187,553 tons of non-recyclable materials were disposed of at the landfill in 2008

 
King County Waste Stream Graph

KC Waste Stream

What's in your garbage?

Eighty percent of materials thrown away are resources – not waste.

Garbage today. What will it be in the future?

Some materials are not readily recyclable and are appropriate for disposal today. But with research and advancements in technology they could become resources tomorrow.

  • Non–recyclable paper – wrapping paper that is laminated or contains foreign materials such as foil-coatings or glitter, photographic film, microwave containers, hardcover books, frozen food boxes, thermal fax paper, carbon paper, blueprints, aluminum foil boxes and binders.
  • Treated or contaminated wood - wood treated with preservatives or attached to other materials like sheetrock or window glass
  • Non–recyclable plastic consumer items - some food storage containers, dishware, vinyl, disposable diapers, toys, Formica™, fiberglass, foam materials, and plastics attached to other materials such as kitchenware or auto parts
  • Non–recyclable glass – window glass, mirrors, light bulbs, and cookware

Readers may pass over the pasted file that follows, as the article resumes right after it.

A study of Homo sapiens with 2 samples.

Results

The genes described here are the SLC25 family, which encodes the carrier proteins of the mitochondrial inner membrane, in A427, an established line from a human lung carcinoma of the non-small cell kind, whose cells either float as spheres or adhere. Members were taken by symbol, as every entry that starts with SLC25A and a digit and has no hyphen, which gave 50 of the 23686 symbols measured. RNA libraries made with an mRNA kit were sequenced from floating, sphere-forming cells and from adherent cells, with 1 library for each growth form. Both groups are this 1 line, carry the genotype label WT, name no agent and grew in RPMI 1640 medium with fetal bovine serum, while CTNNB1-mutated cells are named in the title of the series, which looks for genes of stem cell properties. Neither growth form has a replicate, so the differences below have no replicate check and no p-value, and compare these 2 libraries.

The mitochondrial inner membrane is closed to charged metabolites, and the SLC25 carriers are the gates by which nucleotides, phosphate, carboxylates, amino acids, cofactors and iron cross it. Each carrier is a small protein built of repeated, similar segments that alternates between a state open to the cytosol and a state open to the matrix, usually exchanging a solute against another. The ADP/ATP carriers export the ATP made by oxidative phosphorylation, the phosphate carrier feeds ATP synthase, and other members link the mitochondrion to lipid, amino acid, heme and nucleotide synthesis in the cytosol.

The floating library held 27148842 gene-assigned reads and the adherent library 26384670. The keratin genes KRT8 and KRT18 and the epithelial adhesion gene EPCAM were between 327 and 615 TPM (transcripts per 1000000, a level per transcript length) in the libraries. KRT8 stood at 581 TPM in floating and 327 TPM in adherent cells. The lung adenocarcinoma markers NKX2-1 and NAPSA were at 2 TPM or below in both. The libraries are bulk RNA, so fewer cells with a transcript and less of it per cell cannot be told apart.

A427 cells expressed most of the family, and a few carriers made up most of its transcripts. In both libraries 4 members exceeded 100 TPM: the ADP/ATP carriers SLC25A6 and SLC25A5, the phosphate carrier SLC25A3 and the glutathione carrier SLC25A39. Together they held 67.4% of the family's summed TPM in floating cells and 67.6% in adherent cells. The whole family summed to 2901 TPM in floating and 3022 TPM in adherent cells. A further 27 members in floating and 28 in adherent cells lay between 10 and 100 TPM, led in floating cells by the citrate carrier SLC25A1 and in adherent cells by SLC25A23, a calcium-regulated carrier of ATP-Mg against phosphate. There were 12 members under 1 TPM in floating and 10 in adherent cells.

• Other waste – ashes, soil, animal feces and carcasses, dirt, furniture, mattresses, and insulation

For now, it’s important to buy carefully, use and reuse, and find ways to reduce waste wherever possible.

Related Information

  • What happens to my recyclables? Materials collected for recycling in King County become new products, many of them manufactured locally. This 10-minute video shows how the recycling loop works: from collection to remanufacture to new product.
  • Recycle More. It's Easy To Do. Although most King County residents say they participate in their curbside recycling program, more than half of what ends up in the Cedar Hills Regional Landfill is readily recyclable.
  • Recycle Food. It's Easy To Do. Food scraps and food soiled paper break down into compost, a soil amendment that enriches soil and improves plant health.
  • King County’s Zero Waste program is a guiding principle for all waste reduction and recycling programs.